The European Space Agency (ESA) agreed to launch a copy of its lost Cryosat Satellite to definitively measure the effect of climate change on Earth’s ever-changing ice sheets.

The first Cryosat Ice mission was launched last October from the Plesetsk Cosmodrome in northern Russia, but was lost when the second stage of its launcher failed to separate. The rocket plunged into the ocean with Cryosat aboard. Cryosat chief scientist Duncan Wingham, however, was undaunted, rallying his supporters behind his firm conviction that “Cryosat is too important to lose.”

Diminishing ice cover is frequently cited as an early casualty of global warming. Since ice, in turn, plays an important role in regulating climate and sea level, the consequences of climate change are far reaching, says the ESA website. It is therefore important to understand exactly how Earth’s ice fields are responding to these changes – and by how much.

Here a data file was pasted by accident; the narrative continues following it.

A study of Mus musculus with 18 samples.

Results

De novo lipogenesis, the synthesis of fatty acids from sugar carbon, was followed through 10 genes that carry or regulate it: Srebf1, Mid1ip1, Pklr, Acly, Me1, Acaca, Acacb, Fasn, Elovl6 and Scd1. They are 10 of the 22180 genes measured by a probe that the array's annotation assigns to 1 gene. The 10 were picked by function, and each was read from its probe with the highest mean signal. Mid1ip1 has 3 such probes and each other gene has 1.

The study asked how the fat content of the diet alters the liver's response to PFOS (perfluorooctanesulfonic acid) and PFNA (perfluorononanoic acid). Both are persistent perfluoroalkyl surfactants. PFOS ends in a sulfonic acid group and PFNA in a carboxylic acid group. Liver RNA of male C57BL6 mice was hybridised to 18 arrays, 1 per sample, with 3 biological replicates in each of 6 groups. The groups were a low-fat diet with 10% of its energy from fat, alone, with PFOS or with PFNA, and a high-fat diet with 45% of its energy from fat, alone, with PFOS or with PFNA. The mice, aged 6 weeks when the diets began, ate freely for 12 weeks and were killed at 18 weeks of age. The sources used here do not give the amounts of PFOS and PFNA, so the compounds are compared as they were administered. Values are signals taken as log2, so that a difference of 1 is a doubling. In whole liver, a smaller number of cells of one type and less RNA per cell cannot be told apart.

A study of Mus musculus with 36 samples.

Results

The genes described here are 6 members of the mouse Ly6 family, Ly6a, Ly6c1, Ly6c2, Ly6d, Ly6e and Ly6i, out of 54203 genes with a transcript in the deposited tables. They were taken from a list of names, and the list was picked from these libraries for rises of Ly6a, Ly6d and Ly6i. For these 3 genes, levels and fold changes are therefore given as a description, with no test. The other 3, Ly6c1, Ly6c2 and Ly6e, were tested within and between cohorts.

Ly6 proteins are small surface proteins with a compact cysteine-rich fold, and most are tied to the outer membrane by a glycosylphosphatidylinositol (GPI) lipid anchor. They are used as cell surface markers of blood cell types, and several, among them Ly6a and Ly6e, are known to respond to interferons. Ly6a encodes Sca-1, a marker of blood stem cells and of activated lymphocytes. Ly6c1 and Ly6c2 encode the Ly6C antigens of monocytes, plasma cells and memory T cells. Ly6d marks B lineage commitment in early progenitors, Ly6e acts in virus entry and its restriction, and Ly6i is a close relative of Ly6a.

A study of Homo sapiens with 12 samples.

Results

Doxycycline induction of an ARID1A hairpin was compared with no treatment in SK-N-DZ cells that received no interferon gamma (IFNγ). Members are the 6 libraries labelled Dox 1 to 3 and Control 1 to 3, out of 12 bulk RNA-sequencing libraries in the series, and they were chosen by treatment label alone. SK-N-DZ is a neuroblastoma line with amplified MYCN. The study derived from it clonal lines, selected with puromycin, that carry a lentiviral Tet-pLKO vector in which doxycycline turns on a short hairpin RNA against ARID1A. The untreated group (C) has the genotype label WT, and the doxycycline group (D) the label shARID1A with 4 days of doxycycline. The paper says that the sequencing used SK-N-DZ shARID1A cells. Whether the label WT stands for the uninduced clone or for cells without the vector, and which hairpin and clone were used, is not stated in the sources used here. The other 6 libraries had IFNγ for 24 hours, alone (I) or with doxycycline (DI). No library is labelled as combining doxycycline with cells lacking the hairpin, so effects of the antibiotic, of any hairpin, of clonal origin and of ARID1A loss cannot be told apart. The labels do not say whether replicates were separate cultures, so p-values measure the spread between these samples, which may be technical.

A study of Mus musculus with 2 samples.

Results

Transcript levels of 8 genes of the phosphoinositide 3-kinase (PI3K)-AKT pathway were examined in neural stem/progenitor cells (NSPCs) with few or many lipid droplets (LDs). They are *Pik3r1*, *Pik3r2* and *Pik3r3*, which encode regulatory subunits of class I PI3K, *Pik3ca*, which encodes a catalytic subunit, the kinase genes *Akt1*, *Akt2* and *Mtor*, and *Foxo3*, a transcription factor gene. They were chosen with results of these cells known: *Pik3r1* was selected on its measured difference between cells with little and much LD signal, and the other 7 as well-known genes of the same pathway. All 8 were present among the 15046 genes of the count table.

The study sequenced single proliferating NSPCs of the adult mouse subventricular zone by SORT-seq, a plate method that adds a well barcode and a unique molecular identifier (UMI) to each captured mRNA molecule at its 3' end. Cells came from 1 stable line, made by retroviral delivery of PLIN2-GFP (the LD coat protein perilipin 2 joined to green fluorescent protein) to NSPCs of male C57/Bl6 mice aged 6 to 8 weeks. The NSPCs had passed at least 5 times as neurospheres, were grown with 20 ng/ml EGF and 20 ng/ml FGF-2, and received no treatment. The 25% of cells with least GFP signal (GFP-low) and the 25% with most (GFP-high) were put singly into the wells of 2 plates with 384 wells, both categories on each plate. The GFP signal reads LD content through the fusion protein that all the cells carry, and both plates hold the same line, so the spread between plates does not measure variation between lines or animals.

Wingham lobbied for funding and on February 24 the ESA Programme Board agreed to provide over one hundred million euro to launch Cryosat-2, a satellite that will measure and monitor the health of land and sea ice worldwide.

Cryosat-2 could launch in as little as three years on a mission to help explain the complex relationships between the polar ice, the rise in sea levels, and climate change. Cryosat-2 is the first in a series of missions called Earth Explorers, part of ESA’s Living Planet Program to launch low cost spacecraft to help us to understand the Earth, and our impact on it.